Abstract 12389: Safety and Efficacy of Radial vs Femoral Access for Percutaneous Coronary Interventions: A Propensity Score-Adjusted Analysis
Background: While RCTs have shown reduced bleeding outcomes with radial vs. femoral access following PCI performed for ACS, it is not clear if such benefit extends only to patients with ST-elevation acute coronary syndrome (STEACS).
Method: 5,628 PCI procedures performed between 12/2010 and 09/2012 in 2 large hospitals were analyzed for a primary composite bleeding endpoint. Secondary outcome of death/myocardial infarction/stroke and a composite of bleeding/death/myocardial infarction/stroke were analyzed. Composite bleeding endpoint was defined as any access site or nonaccess site bleeding. In-hospital outcomes defined by ACC-NCDR data definitions were used. A propensity score adjusted analysis separately for the overall population (n=5,628) and in patients with ACS (n=4,385) was performed. ACS subgroup analysis with Bonferroni correction was performed.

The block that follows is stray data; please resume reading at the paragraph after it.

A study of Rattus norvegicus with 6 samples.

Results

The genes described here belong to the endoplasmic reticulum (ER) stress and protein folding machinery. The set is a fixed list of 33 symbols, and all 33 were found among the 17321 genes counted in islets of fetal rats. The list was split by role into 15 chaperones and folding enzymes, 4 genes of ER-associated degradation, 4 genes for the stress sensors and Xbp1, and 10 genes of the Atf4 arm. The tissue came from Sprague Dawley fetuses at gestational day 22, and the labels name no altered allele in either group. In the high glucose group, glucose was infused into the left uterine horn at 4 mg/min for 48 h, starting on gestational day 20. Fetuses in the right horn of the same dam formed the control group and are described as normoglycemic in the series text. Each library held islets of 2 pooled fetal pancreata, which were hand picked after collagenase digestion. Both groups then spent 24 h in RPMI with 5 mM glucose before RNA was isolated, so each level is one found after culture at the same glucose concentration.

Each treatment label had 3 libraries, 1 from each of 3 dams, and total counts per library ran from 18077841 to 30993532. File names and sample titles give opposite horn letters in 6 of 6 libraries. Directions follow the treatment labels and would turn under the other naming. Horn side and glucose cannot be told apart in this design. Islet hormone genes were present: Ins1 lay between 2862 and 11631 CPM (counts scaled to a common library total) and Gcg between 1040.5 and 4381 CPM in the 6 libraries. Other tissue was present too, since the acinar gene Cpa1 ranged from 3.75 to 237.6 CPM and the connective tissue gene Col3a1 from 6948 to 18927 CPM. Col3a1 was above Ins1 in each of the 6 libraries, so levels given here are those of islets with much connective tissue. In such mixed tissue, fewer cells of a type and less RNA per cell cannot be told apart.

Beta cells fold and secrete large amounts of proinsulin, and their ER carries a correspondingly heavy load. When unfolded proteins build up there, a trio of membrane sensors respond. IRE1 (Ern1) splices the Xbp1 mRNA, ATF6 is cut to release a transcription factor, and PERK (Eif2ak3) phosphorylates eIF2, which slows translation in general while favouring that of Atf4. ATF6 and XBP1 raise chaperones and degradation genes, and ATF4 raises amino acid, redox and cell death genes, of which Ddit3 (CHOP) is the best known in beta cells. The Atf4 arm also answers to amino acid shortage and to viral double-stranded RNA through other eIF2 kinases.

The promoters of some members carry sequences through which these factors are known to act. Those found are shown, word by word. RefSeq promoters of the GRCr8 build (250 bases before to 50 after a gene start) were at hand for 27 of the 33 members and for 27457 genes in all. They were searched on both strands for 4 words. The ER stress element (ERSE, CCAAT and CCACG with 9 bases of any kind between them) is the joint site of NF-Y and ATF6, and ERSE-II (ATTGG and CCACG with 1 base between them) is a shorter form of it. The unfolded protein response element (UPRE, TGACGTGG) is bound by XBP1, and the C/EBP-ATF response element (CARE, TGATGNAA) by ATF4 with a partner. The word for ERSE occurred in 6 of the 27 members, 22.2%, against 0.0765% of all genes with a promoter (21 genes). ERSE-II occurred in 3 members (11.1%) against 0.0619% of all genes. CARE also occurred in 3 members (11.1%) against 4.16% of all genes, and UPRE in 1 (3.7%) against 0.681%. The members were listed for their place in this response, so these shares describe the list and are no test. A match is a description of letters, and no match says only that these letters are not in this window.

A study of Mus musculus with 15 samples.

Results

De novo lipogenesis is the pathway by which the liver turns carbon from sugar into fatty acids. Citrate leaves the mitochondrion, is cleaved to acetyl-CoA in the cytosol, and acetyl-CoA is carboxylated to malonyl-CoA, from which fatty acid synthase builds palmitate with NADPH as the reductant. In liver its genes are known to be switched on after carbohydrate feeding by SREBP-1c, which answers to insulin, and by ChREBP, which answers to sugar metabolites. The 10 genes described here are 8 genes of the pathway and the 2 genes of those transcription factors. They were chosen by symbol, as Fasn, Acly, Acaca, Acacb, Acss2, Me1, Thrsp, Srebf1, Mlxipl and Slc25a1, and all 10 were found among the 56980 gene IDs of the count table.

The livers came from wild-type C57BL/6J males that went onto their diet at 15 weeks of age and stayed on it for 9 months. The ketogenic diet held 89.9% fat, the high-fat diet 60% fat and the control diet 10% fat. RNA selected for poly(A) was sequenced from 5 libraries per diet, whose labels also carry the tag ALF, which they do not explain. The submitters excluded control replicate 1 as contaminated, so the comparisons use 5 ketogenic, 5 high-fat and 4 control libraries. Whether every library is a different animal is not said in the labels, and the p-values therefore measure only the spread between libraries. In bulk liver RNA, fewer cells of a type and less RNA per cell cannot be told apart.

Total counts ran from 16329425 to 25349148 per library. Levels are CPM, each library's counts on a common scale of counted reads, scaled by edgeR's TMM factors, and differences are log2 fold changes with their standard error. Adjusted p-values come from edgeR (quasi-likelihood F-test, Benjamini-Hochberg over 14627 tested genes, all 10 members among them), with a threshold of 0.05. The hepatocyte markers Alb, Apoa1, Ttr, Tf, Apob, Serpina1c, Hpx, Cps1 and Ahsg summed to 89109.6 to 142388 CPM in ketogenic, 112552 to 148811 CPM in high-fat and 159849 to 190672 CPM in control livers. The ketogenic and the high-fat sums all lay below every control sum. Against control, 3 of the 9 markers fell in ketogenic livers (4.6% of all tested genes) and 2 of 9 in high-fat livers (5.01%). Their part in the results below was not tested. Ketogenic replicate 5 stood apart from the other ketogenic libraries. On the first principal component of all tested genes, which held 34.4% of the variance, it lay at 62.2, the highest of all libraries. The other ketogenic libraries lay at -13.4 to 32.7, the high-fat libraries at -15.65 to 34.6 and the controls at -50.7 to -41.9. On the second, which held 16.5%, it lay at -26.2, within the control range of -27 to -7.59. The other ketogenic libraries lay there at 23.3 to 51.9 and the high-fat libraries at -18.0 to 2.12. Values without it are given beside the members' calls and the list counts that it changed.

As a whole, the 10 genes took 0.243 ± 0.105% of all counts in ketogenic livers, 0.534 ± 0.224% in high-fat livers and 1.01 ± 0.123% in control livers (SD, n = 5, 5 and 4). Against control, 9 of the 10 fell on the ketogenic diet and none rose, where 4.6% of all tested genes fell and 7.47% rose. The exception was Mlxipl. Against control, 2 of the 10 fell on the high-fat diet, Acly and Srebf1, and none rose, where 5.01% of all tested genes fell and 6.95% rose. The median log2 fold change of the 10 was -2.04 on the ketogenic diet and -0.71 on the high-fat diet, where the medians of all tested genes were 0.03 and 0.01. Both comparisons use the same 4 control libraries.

Results: Of 5,628 PCI procedures, 3,899 were performed via femoral access and 1,729 via radial access. Primary composite bleeding endpoint was significantly reduced in patients with radial access (1.28% vs. 0.35%, p=0.001). After propensity score adjustment, composite bleeding endpoint was significantly reduced in patients with radial access (OR 0.34, 95% CI 0.14-0.82, p=0.02). However, secondary outcomes were not significantly different between both groups. In patients with ACS (n=4,385), 3,157 had femoral access and 1,228 had radial access. A propensity score adjusted analysis showed that patients with NSTEACS had a significant reduction in composite bleeding endpoint (OR 0.24, 95% CI 0.07-0.79, p=0.02) where as patients with STEACS had no significant reduction in composite bleeding endpoint. The secondary outcomes were not significantly different in both ACS subgroups.
Conclusion: In this observational registry, reduction in bleeding outcomes was seen in the overall population and in patients NSTEACS subgroup of ACS patients with no significant reduction in secondary outcomes.
- © 2013 by American Heart Association, Inc.